When state and local funds help expand your business is it too much to ask that local workers receive the jobs? Local 150 of the International Union of Operating Engineers believes that to be self-evident.

In the heart of the wind belt, Fort Madison offers Siemens a helping hand in achieving their goal of cornering the wind power market, not only affording them a location central to their transportation needs, but giving them an incentive package worth approximately $ 5 million to assist them in their growth and keep them satisfied.

That package in itself is a gorgeous thing. Couple that with the almost $5 million that the Iowa Economic Development Board ponied up, and you have yourself something extraordinary.

However, Local 150 feels a bit slighted, and for the last two weeks has been picketing Corporate Contractors Inc. (CCI), a general contracting company based in Beloit, Wisc., that is in charge of the Siemens expansion.

“We want local contractors working on this project,” said Local 150 Business Representative Ryan Drew. “This is a great local project that has an estimated cost of $33 million. And about $10 million of that is funded by city, county and state incentives.”

The current Siemens expansion project is expected to foster upwards of 287 jobs from a 75,000 square foot expansion of their already 311,000 square foot facility. In addition to adding on, Siemens plans to build a new 125,000 square foot facility and a rail yard to better equip itself in the production and transportation of its wind turbine blades. The project is slated for completion by October of this year.

Drew said that with Siemens hiring CCI there are but a few local workers getting paid from the project. Meaning that few of those dollars get spent in Lee County.

Calls made to CCI’s corporate office were not returned as of press time today.

“I believe they have four local electricians working in there and a few local plumbers,” Drew said. “But we would like to see local general contractors and sub-contractors landing these local jobs.”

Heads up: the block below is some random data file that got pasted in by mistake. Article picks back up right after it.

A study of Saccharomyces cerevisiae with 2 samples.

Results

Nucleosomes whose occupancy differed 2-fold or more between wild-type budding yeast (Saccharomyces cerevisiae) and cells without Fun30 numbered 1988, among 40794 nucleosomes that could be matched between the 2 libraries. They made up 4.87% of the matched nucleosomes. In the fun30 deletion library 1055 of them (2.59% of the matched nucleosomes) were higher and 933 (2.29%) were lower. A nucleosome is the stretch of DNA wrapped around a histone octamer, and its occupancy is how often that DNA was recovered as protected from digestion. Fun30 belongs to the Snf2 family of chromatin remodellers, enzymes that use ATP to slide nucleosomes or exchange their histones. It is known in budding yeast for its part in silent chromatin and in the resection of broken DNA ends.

Drew added that these construction jobs are work that can’t be outsourced because they are in our own backyard… they can’t possibly be sent overseas.

“Local money is helping fund this project – they should be using local operators,” he said. “If the work is done by a local worker statistics show that that money goes around seven times within the community… if that money goes to Wisconsin we won’t see any of it here.”

Drew said that last year the Local 150 Union provided Siemens with a list of local contractors who could be used in future projects.

“We wanted to let them know who the area contractors are so they could use them,” he said. “There will be a significant amount of work done on this rail yard as well. We’d like to see some local operators and workers in there.”

Drew stated that out of the six contractors they currently have working on the project, only three of them are registered to do work in the state of Iowa.

Brennan Umthun/Staff Writer

Fort Madison Daily Democrat

3 July 2008

This article is the work of the source indicated. Any opinions expressed in it are not necessarily those of National Wind Watch.

The copyright of this article resides with the author or publisher indicated. As part of its noncommercial effort to present the environmental, social, scientific, and economic issues of large-scale wind power development to a global audience seeking such information, National Wind Watch endeavors to observe “fair use” as provided for in section 107 of U.S. Copyright Law and similar “fair dealing” provisions of the copyright laws of other nations. Send requests to excerpt, general inquiries, and comments via e-mail.